The ATO has continued its efforts to restrict illegal early release (IER) to superannuation via SMSFs and took action against more than 800 funds in the most recent financial year.
Addressing attendees at Class Connect 2019 in Sydney this week, ATO SMSF future client experience director Edward Chung said of the 20,578 SMSFs registered in the last financial year, the SMSF regulator had selected 10 per cent of them for compliance reviews, including interviews with trustees.
“As a result of the work we have done, 229 funds had their registration withheld from Super Fund Lookup and were unable to receive superannuation guarantee payments or rollovers from APRA (Australian Prudential Regulation Authority) funds, and 609 newly registered SMSFs had their registration cancelled,” Chung said.
“Around 40 per cent of cases we did pick up were stopped by us and this meant $100 million was prevented from leaving the superannuation system.”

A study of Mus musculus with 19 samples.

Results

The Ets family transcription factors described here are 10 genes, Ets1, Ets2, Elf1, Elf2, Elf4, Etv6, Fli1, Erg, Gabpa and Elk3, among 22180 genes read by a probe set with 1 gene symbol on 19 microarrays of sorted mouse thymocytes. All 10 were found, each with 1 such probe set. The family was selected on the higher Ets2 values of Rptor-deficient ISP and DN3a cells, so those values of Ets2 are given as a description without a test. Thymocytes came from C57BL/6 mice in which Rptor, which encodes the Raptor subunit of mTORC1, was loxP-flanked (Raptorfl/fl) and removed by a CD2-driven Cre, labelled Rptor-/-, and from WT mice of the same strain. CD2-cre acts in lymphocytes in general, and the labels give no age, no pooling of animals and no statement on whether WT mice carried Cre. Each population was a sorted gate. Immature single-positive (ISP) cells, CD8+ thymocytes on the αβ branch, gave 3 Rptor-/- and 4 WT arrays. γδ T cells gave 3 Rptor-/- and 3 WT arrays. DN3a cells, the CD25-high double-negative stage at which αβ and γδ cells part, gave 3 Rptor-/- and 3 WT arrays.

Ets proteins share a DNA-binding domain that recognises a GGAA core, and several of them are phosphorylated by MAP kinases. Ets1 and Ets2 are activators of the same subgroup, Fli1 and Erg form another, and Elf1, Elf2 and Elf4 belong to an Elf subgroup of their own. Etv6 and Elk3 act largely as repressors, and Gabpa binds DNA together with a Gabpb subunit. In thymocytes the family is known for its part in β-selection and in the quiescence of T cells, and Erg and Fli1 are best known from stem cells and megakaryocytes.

The statistics presented by Chung mirror those from ATO superannuation assistant commissioner Dana Fleming, who told the SMSF Association conference in February that, at that time, 123 funds had their details withheld from Super Fund Lookup, 329 newly registered SMSFs had their registration cancelled and $45 million had been prevented from leaving superannuation funds.
Chung said most cases of IER were due to people wanting quick access to their superannuation funds, but third-party promoters were also having an impact.
“The other driver, and we are seeing this more frequently, is that people are being targeted by promoters. They prey on individuals who know little or nothing of SMSFs and it is not easy to identify promoters – they don’t come knocking on our doors,” he said.
He said the ATO had, however, taken legal action against one promoter to stop them providing any form of advice on SMSFs and used social media and warnings in local media to prevent another promoter from attracting consumers.
During his address, he also flagged the ATO would continue to investigate the misuse of SMSF auditor numbers after finding a high rate of misuse in a compliance program undertaken earlier this year.